Friday, June 10, 2011

Switch/Case and the Palace Guards

Switch/Case is a computational construct in many modern programming languages that allows the program to choose one of multiple execution options. The option is chosen by "switching" on the value of an input parameter.

King Fredrick loved performing surprise inspections of the palace guards. Naturally, he felt that these inspections kept everyone prepared. But, more importantly, he found that wandering the grounds for an inspection was the best way to keep the castle steward from finding him. If Fredrick stayed in the throne room, the steward would constantly bring problems to his attention. Sometimes, the king just needed some quiet.

"You there. Guard." called the king.

The guard groaned quietly. Unlike the king, the guards were not fond of surprise inspections.

"Yes, sir!" the guard responded in his best military voice.

"Tell me, are you always at this gate?" inquired the king.

"Yes, sir!" The guard could sense that it was going to be a long day.

"Wonderful. Wonderful. I have some questions about security. If someone comes down the path, how do you know whether to let them in?"

The guard reached into his little guard booth and pulled out a thirty page instruction manual. He quickly opened to the first page, hoping that the king did not see the coffee rings on the cover. It was considered disrespectful to use the official castle manuals as coasters. But, truthfully, that was often their most useful function.

The guard started to read from the manual in a loud military voice:

"Check the entrant's ID and examine their entrance ID class.

IF the person is a member of the royal family (ID class 0): let them pass,

ELSE IF the person is a merchant of a registered guild (ID class 2, 3, or 6): let them pass,

ELSE IF the person is from an opposing army (IF class 107): stop them,

ELSE IF the person is a registered juggler (IF class 71): let them pass,

ELSE IF the person is a registered mime (IF class 72): stop them,


"Enough!" interrupted the king. The manual was in the familiar IF-ELSE series of conditions of which the past king, Fredrick's father, had been so fond. Why any king would prefer that style was beyond Fredrick. Fredrick was certain that he had updated all the manuals by now.

"It looks as though we need to update your manual." the king stated.

The guard was confused. He also looked scared. "But Sir, I have not made any mistakes. No intruders have been let in and no VIPs made to wait. I have not done anything wrong!"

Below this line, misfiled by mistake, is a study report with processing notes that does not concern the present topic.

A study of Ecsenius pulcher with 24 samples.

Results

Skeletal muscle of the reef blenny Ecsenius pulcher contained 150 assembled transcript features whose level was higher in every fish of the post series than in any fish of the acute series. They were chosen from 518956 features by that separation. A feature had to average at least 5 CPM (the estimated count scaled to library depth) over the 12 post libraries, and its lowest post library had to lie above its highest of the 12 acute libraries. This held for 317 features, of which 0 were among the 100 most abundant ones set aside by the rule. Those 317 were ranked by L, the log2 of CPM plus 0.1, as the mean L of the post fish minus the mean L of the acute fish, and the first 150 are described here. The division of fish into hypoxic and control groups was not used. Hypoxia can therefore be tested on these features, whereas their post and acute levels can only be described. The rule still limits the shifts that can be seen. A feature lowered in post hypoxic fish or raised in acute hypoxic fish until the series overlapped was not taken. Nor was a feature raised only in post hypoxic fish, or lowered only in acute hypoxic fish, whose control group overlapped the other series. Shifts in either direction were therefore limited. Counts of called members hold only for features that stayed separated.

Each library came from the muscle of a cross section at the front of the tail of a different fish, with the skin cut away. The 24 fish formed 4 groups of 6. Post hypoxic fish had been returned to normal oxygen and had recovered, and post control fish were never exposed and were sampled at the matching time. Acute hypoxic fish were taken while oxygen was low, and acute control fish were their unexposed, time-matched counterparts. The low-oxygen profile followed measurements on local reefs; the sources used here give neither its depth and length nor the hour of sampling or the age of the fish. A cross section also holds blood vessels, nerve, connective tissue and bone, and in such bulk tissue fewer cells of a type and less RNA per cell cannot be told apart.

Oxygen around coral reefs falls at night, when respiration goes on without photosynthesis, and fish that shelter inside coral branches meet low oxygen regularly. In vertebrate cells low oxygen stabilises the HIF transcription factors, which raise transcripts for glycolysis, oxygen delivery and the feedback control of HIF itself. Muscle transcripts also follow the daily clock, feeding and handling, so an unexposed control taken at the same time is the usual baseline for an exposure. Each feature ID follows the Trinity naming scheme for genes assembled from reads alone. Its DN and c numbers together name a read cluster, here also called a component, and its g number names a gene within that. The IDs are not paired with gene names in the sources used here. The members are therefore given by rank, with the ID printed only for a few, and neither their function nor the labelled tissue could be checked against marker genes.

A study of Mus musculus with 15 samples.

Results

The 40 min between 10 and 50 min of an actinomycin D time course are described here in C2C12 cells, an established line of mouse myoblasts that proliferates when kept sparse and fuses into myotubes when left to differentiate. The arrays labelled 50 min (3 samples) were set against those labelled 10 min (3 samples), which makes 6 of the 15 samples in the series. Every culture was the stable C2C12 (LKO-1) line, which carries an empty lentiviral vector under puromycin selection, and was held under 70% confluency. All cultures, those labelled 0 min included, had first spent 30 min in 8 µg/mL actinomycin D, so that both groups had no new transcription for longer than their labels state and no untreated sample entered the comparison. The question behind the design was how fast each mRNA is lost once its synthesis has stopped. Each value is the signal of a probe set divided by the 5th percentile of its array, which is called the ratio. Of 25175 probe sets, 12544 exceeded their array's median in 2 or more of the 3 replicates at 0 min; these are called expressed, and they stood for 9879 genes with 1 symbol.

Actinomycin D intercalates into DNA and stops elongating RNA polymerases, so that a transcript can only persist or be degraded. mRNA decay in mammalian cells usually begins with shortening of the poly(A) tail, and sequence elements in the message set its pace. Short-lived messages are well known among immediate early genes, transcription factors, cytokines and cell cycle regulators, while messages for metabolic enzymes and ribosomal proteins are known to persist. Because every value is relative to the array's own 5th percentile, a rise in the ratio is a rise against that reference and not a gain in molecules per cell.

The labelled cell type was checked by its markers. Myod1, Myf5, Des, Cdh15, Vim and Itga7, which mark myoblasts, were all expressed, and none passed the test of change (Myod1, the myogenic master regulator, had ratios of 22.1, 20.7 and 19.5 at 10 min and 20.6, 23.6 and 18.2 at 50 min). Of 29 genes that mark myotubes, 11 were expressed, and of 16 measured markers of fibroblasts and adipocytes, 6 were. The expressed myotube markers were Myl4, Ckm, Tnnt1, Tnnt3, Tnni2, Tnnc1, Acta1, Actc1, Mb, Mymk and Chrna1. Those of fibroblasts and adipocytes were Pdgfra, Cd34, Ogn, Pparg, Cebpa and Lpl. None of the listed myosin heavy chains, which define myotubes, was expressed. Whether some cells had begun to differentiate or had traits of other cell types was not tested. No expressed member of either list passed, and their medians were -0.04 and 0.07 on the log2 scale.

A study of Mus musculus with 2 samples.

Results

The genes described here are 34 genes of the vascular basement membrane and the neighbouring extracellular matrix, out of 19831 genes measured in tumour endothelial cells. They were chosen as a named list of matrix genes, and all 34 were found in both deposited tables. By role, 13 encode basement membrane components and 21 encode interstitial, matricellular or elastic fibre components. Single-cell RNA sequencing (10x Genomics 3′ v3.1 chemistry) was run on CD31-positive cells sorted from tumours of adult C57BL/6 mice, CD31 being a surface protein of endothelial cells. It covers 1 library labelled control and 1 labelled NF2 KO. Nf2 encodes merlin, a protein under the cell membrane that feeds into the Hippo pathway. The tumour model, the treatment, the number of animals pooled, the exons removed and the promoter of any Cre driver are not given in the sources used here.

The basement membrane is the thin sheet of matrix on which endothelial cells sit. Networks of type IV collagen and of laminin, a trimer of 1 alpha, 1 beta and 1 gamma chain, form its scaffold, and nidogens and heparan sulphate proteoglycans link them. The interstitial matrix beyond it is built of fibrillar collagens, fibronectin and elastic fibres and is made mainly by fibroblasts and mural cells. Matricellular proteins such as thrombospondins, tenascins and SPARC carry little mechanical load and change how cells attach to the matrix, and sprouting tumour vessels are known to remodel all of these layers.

The king gave the guard a reassuring smile. It did nothing to assure the guard. "No. That is not it. The manual uses a complex format that is simply harder to understand. We switched everything else to switch/case a few years ago. For a long list of conditions like that, it can be cleaner."

"Switch/case?" asked the guard. He did not remember that from his training.

"Yes." the king looked around for a prop to illustrate. Finding none, he started gesturing with his hands.

"Here is how that would work in switch/case." the king began.

"Check the entrant's ID and find the first matching case.

Case Royal Family: let in and done,

Case Enemy: Keep out and done,

Case Merchant of a registered guild: let in and done

And so forth!"

"You just go down the list and find a match. It is the same logic as the long list of nested IF-ELSE conditions. It is just easier to read... Sometimes." finished the king. He loved explaining computational constructs and was debating launching into a description of unrolling loops, when he realized that he could be boring the guard. He had a habit of boring people sometimes. Then again, the guard was nodding intently as the king spoke. Maybe the guard would want to hear about unrolling loops.

"Oh..." responded the guard, clearly thinking this over. "Why do you keep saying 'and done' after each command?"

"Well technically, the way it works is that you go to the first case that matches and keep reading instructions down until you hit a break. That way you can use complex blocks of commands for multiple cases without repeating them. When I say done, I just mean break out of the switch statement."

"Oh... But what if the appropriate condition is not there?" asked the guard.

"You can always have a default case to cover everything else. For you, I would make that 'Keep the person out and call for clarification.'"

The guarded nodded. "Yes. That would seem like a good default. I would hate to have to make a judgement call on my own. But, it seems that you are not actually changing any of the procedures?"

"That is correct." answered the king. "Switch/case can be thought of as a sort of shorthand for a long series of if statements. We will simply clean up the manual… and maybe put something in there about marching bands. Yes. We should certainly have a case about marching bands."

The king trailed off and stared out at the castle wall. Although he could not explain it, he knew that marching bands, mimes, and clowns all needed their own cases. Something about each of them made him profoundly uneasy.

"Well, I shall return to the castle and set to work on a new manual right away." proclaimed king Fredrick. He was excited by the opportunity to update more castle documentation. Given the recent peace in the kingdom, he had not had much real work to do for a while.

This was the best news of the guard's day: an early ending to the surprise inspection.


For more information on IF-ELSE statements, see Learning IF-ELSE the Hard Way.

Or for more adventures of King Fredrick, see Hunting Dragons with Binary Search or Stacks, Queues, Priority Queues and the Prince's Complaint Line.